Competitive edge, also known as competitive advantage, is whatever you have that others can only wish for.
Last week I found out that Dangote Cement grew both revenue and profit last year. It was almost unbelievable. Its biggest competitor took a terrible beating last year. Most of the manufacturing companies had a very tough year 2016. And Dangote Cement was constantly in the news about its troubles in the other African countries it is expanding to. I was expecting to see an annual report that reflected those difficulties. On the contrary, I saw an annual report that was just short of pure magic.
How could a company as big as Dangote Cement rise so fast and seem to just be starting?
Today, on my way to teaching a Power BI class for Promasidor Group, I read through the 232 page Dangote Cement 2016 Annual Report. I came off with one conviction -- I have to invest in Dangote Cement. It is everything Warren Buffett describes as a perfect company: shark-infested moat (his slang for superior competitive advantage), excellent management team (as an aside, the Group CEO earns N260 million/year as basic salary) and it's in a growing market.
At the current price it is trading at, it is huge value for money. As soon as I am done with sorting out the company income tax and FRC registration (which is taking a sad turn as all the authorized corporate membership bodies I reached are asking for over N400,000 in registration, exams and induction fees + wiping out weeks of my precious time to take meaningless classes and exams), I will put in as much as I can in Dangote Cement shares.
Know the most interesting bit in the 2016 annual report? It is the clear detailing of their competitive edge, not just in the Nigerian market but across the African market. In fact, I'll post it below:
"The Company that became Dangote Cement was founded at a time when Nigeria was almost entirely dependent on imports. Indeed, importation of cement was our main business for many years until the Federal Government launched its industrial policy of Backward Integration in 2002.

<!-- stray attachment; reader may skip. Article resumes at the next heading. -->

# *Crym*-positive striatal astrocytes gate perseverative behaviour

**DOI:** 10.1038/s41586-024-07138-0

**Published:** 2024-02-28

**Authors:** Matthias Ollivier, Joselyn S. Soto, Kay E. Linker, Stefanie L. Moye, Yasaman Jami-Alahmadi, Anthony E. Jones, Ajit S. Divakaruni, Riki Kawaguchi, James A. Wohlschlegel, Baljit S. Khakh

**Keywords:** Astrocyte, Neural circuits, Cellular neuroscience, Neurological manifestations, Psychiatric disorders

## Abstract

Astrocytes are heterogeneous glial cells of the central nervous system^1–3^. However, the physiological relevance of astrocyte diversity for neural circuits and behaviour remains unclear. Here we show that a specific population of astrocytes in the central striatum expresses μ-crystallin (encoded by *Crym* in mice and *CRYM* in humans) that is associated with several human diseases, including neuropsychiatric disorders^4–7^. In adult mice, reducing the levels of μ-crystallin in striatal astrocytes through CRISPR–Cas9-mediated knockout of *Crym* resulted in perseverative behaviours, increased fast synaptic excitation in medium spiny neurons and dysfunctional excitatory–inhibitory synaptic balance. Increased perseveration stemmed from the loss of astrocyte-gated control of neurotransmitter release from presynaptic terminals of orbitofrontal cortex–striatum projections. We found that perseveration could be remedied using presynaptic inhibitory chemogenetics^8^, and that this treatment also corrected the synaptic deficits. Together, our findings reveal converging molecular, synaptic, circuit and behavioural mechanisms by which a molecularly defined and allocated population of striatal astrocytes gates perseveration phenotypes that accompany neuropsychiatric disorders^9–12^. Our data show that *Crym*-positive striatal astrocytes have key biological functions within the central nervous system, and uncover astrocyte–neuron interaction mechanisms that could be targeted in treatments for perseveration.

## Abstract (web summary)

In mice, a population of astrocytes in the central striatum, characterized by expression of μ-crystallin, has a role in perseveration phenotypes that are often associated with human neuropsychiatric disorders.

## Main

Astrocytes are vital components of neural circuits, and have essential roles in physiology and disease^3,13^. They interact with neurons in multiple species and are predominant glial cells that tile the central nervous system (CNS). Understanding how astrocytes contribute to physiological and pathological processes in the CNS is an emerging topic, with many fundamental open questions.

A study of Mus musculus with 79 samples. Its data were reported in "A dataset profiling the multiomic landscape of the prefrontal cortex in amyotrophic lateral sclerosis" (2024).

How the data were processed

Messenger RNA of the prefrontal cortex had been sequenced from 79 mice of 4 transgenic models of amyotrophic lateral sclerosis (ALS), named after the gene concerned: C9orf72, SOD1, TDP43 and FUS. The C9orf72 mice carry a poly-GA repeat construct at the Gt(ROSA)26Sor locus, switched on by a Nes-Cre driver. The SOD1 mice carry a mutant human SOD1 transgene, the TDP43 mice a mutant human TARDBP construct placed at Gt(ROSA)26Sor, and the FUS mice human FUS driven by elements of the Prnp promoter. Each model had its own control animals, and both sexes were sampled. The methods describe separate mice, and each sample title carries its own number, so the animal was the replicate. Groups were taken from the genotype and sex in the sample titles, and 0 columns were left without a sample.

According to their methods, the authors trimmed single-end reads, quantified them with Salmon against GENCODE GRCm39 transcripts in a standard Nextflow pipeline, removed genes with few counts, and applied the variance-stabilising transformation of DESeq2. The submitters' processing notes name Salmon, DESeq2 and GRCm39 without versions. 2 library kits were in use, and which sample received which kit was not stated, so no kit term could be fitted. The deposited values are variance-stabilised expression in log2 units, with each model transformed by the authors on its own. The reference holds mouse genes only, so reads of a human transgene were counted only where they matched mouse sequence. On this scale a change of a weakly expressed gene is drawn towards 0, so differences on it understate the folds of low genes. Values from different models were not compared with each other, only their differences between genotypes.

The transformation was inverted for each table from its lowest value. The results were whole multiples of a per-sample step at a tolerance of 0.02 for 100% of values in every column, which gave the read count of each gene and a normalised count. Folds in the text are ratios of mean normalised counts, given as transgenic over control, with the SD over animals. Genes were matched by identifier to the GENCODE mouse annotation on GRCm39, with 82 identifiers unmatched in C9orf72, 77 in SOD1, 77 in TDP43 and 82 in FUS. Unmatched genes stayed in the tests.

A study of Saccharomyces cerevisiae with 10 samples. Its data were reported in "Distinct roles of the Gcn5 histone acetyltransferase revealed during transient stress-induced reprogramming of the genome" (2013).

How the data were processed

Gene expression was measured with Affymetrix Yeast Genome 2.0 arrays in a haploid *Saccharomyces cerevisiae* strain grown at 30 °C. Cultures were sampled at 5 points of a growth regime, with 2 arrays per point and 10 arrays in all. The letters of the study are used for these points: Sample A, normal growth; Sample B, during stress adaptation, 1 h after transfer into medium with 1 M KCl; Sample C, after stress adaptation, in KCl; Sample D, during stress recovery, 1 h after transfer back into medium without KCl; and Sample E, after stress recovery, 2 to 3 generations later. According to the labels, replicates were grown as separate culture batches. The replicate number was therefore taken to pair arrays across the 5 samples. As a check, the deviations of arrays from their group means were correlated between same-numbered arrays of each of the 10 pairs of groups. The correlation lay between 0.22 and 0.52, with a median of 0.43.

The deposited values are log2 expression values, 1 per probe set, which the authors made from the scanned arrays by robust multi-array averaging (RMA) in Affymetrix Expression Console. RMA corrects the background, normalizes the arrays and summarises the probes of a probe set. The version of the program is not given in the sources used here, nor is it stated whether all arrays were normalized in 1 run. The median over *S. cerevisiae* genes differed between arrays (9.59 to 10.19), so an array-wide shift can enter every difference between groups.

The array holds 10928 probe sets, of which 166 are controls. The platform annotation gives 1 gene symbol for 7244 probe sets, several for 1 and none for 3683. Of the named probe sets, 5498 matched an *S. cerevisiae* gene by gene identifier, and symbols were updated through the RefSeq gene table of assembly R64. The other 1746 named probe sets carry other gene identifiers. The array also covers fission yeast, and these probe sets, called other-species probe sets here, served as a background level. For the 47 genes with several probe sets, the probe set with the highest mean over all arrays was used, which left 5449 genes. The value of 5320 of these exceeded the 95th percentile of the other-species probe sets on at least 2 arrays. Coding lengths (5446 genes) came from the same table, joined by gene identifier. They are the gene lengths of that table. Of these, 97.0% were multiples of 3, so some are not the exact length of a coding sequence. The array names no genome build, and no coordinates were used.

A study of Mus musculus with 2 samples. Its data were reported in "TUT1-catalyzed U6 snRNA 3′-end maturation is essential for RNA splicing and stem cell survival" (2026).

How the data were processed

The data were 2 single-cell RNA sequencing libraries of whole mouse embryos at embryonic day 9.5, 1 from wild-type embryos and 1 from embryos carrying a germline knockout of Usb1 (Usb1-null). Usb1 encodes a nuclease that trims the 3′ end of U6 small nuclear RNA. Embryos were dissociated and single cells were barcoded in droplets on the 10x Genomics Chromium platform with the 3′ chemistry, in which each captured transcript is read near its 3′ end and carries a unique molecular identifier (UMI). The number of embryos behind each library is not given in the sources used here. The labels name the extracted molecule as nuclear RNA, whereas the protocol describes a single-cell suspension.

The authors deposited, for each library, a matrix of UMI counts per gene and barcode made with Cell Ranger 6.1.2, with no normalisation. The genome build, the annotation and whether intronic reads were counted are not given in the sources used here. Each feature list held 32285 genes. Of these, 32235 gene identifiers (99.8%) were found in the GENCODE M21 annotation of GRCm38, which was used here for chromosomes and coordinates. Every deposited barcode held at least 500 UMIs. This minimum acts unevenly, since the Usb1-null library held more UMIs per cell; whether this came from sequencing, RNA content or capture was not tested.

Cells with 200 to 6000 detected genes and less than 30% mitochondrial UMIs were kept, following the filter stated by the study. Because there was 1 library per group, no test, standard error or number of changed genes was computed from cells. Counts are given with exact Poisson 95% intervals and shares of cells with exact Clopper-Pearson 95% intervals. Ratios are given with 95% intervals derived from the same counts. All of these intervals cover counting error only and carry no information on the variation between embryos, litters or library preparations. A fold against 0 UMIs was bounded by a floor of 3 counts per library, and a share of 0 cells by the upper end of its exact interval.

We began 2016 with approximately 44Mta of production and import capacity across Africa. Our 3.0Mta plant in Tanzania made its maiden contribution to Group sales in the first quarter of the year and very quickly established itself as a leading supplier, achieving a 23% market share by June 2016.
Our operational advantage in Sub-Saharan Africa is our ability to enter new markets and build modern, energy efficient factories that will provide strong competition for many of the ageing cement plants that serve the region at present. We will take high-quality limestone from newly mined quarries and produce higher-quality, stronger and quicker-setting cement at lower cost than many other producers can achieve in these markets. We will support these facilities with strong logistics and the ability to buy resources in bulk across the Group, thereby reducing costs.
These strategic and operational advantages will fortify our position as the leading provider of cement in a rapidly growing continent that is embarking on a huge build-out of its infrastructure, housing and commercial space. The experience of other emerging markets shows that this will take more than one generation of Africans to complete, but we believe it is a great opportunity for us to become a global force in cement production.
We are confident that the strategy we are pursuing will ensure that Dangote Cement becomes and remains the partner of choice for those who are building a new African continent."
It got me seriously thinking about what my own (and business') competitive advantage is? And I also felt very ashamed that a very large company like Dangote Cement is able to adjust better to its business world than a small one like mine.
Being a generous person, I don't want to be the only one feeling guilty about not identifying or maximizing my competitive advantage so I am going to ask you, "What is your competitive advantage?"